Prime Rate

also known as the Fed, National or United States Prime Rate,
from the interest-rate specialists at www.FedPrimeRate.comSM

Wednesday, December 26, 2007

Odds On A Rate Cut for the January 30 Monetary Policy Meeting Now at 76%

The Federal Reserve has been auctioning off big bundles of money to U.S. financial institutions in recent weeks, and news that the Fed will continue using its Term Auction Facility (TAF) to pump money into the banking system has caused the odds on a rate cut for next month to decline. The fed funds futures market, however, is still betting that the Fed will opt to lower short-term interest rates again on January 30.

The odds on a cut for the benchmark Fed Funds Target Rate at the next Federal Open Market Committee (FOMC) meeting are now at 76%. Influencing the futures market last week:

  • On Wednesday, the U.S. Energy Information Administration (EIA) reported that crude oil inventories dropped by 7.6 million barrels during the week that ended on December 14. This puts upward pressure on prices at a time when Americans living in cooler climes are buying heating oil, and the Fed is already worried about rising prices.
  • On Thursday, the Federal Reserve Bank of Philadelphia released its index of manufacturing conditions within the Fed's Third District. For December, the index came in at -5.7, while economists were expecting around +6.2. Any figure below zero indicates that manufacturing in the Fed's Philadelphia region is contracting, while a positive figure implies expansion. The Fed's Third District includes all of Delaware, parts of southern New Jersey, and a large portion of eastern Pennsylvania.
  • The New York-based Conference Board released its report on the nation's leading economic indicators on Thursday. For November, leading indicators declined by 0.4%, while economists were expecting a decline of about 0.3%.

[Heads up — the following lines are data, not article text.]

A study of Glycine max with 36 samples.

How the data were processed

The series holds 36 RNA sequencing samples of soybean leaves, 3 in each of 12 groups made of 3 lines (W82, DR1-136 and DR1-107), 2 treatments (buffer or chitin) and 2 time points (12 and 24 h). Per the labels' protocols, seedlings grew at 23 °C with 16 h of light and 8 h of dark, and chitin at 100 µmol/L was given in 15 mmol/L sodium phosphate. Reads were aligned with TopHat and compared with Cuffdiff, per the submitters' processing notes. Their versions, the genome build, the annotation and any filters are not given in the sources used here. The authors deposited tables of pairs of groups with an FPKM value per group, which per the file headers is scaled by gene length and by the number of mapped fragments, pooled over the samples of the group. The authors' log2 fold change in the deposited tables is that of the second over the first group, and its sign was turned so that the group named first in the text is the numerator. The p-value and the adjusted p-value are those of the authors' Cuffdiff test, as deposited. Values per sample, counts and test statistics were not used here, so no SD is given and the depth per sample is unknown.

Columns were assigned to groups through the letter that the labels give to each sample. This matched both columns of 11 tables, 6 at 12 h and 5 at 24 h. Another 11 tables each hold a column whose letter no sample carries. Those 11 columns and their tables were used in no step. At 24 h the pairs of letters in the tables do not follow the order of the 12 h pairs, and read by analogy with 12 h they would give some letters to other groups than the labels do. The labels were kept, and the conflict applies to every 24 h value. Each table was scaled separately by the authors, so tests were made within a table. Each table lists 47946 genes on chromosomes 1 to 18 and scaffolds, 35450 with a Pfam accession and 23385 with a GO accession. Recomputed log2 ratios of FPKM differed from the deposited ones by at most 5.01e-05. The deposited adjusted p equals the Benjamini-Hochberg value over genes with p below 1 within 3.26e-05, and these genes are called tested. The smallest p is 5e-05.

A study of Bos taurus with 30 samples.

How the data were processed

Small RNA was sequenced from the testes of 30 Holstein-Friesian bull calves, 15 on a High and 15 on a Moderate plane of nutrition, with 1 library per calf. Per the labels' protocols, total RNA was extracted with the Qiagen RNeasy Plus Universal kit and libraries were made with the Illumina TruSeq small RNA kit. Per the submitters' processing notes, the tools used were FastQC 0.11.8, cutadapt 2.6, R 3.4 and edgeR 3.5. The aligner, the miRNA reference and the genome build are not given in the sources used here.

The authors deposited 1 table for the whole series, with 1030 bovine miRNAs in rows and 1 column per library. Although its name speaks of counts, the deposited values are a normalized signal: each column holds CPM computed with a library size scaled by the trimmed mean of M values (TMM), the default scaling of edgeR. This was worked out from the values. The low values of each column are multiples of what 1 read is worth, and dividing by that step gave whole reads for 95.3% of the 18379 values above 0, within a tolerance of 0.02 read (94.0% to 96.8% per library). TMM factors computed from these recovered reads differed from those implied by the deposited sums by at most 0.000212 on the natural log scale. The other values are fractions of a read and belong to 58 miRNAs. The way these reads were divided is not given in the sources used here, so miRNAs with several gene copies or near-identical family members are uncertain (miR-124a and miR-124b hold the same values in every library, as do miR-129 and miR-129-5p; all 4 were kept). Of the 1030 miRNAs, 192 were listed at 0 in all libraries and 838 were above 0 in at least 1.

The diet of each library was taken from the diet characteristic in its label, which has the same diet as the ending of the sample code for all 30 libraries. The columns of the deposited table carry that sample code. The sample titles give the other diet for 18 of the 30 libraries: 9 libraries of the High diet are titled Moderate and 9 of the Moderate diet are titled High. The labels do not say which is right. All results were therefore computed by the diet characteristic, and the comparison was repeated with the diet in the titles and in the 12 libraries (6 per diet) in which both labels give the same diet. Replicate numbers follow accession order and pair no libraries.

• The University of Michigan's Consumer Sentiment Index has been declining since September of this year. For December, the index came in at 75.5; the index was at 83.4 for September. Somber news from a consumer spending perspective. The baseline score of 100 is pegged to U.S. consumer sentiment during 1966.
  • Then again, American consumers may keep on spending regardless of their concerns about the economy. According to the Commerce Department, consumer spending rose by 1.1% during November, the biggest increase in over three years. Great news for the U.S. and global economies, but increased spending also means upwards pressure on prices, and the Fed doesn't want to be forced into raising rates right after completing a rate-cut cycle.

The Latest Odds

As of right now, the investors who trade in fed funds futures at the Chicago Board of Trade have odds at 76% (according to current pricing on contracts) that the FOMC will elect to lower the benchmark Federal Funds Target Rate by 25 basis points (0.25 percentage point) at the January 30TH, 2007 monetary policy meeting.


Summary of the Latest Prime Rate Forecast:
  • Current odds that the Prime Rate will be cut to 7.0% at the January 30TH FOMC monetary policy meeting: 76% (likely)
  • NB: U.S. Prime Rate = (The Federal Funds Target Rate + 3)

The odds related to federal-funds futures contracts -- widely accepted as the best predictor of where the FOMC will take the benchmark Fed Funds Target Rate -- are continually changing, so stay tuned for the latest odds.